The Vanderbeekers of 141st Street by Karina Yan Glaser Interior Illustrations by Karina Yan Glaser
Jacket Illustration by Karl James Mountford
Adorable Map Endpapers by Jennifer Thermes
Only a few days before Christmas the Vanderbeeker parents must give their children some heartbreaking news: they must move out of their beloved brownstone; their landlord won’t renew their lease. The spunky group is despondent but soon hatch a plan to win over the curmudgeon and save their home.
They’ve got a whole range of plans to save the day, from pretty respectable to absolutely harebrained. My favorite thing however is that they are REALLY bad at actually getting around to doing anything. The Vanderbeekers are horrible procrastinators and I love them all the better for it. They are forever not quite getting around to do these plans they formulate, but never fear, they’ll manage something in the nick of time. The Vanderbeekers isn’t just schemes and sunshine however. It has a true heart. There’s a bit of tragedy that gets discovered as the story unfolds and there is of course the grief of losing a home. But the great thing about all of this is that adults are shown having emotions. Sometimes they cry, lash out or get quiet, but they really do show kids how they deal with their pain. And it ends up giving readers a model for ways to handle difficult situations and how their reactions affect others.
Ideal for fans of the Penderwicks, All-of-a-Kind Family, the Family Fletcher; the Vanderbeekers are your new motley crew. A biracial family with four sisters and one brother, they have widely divergent interests and talents, your little ones are bound to find someone to connect with. And…bear with me here…as a huge fan of Meet Me in St. Louis, I even got some Meet Me in St. Louis vibes from this: the big family with one boy in the middle, a big move near Christmas that no one wants, a neighbor boy with a crush. Go ahead, tell me I’m wrong.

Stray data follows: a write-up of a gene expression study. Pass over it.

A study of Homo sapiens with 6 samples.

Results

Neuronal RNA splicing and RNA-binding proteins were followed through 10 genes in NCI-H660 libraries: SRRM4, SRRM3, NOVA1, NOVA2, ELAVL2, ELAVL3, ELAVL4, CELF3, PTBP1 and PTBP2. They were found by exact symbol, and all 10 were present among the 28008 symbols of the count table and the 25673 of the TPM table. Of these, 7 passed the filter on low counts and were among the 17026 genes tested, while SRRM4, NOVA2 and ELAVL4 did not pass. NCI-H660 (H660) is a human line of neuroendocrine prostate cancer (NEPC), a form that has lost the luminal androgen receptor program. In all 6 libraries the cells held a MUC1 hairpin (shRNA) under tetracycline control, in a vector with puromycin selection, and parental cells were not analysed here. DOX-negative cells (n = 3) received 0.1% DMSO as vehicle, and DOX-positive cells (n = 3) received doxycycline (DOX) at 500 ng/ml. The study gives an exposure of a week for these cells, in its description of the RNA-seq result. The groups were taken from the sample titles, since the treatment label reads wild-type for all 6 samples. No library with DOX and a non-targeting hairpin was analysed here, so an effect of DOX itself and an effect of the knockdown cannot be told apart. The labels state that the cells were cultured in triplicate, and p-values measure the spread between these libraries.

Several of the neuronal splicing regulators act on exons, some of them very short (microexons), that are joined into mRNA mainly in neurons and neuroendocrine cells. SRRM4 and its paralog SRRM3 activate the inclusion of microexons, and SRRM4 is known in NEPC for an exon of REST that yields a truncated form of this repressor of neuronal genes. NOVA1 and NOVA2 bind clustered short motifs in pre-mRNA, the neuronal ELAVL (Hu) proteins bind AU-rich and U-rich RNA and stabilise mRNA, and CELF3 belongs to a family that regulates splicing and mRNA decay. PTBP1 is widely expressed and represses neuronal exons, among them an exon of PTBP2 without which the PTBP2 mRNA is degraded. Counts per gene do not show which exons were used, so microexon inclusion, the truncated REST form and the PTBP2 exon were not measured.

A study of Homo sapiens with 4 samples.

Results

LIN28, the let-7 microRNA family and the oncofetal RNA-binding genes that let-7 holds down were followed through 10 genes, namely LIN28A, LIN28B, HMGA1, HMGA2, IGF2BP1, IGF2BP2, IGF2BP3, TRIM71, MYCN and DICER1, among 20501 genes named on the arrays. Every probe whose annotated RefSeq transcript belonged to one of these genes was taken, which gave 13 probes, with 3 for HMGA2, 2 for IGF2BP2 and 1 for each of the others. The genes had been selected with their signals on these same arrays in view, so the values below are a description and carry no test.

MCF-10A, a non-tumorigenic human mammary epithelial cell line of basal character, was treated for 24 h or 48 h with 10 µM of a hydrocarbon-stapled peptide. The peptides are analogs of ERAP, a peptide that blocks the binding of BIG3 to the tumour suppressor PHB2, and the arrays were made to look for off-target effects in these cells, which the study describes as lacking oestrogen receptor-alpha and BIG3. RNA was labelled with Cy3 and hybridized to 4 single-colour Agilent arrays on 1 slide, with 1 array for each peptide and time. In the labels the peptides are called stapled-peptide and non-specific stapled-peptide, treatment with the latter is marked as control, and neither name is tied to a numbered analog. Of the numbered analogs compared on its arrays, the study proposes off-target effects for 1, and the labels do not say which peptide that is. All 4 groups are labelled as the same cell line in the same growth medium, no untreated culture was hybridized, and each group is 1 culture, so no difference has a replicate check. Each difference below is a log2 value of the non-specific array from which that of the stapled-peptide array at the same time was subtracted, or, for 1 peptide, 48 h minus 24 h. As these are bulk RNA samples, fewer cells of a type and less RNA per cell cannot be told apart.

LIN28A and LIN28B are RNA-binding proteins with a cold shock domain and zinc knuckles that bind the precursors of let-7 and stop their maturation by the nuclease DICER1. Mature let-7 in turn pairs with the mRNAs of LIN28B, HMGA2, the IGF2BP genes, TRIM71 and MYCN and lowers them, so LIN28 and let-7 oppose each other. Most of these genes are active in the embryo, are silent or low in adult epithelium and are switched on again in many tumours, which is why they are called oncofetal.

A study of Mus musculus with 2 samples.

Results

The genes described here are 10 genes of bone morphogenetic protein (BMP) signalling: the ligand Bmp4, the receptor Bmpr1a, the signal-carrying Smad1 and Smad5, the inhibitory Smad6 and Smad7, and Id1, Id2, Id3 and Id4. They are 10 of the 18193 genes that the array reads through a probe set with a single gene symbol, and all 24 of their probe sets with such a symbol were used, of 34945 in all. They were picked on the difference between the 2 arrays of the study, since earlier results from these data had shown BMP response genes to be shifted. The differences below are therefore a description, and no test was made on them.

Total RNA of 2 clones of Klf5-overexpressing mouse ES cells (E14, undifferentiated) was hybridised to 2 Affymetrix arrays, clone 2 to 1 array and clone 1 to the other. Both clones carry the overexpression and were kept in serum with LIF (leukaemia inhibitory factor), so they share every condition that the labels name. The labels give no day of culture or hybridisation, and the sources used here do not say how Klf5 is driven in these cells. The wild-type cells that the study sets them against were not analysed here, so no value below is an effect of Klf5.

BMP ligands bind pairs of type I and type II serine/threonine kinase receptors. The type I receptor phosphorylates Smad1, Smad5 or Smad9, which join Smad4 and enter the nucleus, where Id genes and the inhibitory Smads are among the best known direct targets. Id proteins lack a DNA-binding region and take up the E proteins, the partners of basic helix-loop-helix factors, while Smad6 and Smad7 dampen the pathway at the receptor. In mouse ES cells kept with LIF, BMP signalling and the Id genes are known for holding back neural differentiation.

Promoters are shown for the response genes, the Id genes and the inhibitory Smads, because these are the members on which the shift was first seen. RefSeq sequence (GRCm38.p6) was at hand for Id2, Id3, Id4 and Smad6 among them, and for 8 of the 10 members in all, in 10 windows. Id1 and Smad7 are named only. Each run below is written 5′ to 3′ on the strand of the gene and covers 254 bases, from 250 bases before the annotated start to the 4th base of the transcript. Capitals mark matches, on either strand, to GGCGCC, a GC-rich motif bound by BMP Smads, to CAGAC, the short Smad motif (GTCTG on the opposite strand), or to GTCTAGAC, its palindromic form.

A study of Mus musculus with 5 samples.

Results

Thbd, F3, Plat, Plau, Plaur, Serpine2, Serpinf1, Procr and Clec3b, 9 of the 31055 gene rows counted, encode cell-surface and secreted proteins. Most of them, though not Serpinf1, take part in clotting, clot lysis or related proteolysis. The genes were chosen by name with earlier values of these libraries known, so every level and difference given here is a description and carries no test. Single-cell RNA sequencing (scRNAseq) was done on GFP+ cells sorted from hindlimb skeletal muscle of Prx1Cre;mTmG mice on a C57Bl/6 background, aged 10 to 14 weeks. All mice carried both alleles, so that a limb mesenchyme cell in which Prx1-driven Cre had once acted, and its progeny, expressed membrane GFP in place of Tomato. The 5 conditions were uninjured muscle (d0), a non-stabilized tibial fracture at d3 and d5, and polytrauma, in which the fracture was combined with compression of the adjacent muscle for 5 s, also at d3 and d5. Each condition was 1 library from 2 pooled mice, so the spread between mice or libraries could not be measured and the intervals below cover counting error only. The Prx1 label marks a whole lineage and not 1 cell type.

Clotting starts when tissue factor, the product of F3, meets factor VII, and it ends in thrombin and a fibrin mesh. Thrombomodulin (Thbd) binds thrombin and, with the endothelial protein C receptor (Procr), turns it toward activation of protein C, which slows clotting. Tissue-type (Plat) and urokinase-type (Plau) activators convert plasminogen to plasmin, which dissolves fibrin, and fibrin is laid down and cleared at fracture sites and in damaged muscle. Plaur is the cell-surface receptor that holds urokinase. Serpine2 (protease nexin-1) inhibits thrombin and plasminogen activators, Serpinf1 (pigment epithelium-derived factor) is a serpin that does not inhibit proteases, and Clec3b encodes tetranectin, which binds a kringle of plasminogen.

Age Recommendation: This would make a good family read aloud, probably from age 7 or 8 and up, depending on how well your child could handle the spoiler below. I would use it in a classroom in Grades 4-5 and it would hold interest even for kids older than that.
The dialogue at the start of the book is intense. Some readers may have trouble differentiating between all the characters. It is a great teaching opportunity. Using a graphic organizer to help readers organize their knowledge and thoughts about each character is a great way to help. I would love to have different members of a reading group work on each character and build a poster for reference with all their ideas.
There are also so many references: musicians, scientists, etc., that would be really fund for readers to explore with classmates, on their own, or with their families!
Sex, Nudity, Dating – An eighth grade boy wants to take a seventh grade girl to a dance.
Profanity – “screwed up”, “sucks”, “kick-butt”, “jerk face”
Death, Violence and Gore – Oliver jokes about taking someone down with a sword. A girl punches someone who insults her sister. SPOILER: Biederman’s wife and child died, hit by a cab.
Drugs, Alcohol and Smoking – None.
Frightening or Intense Things – None.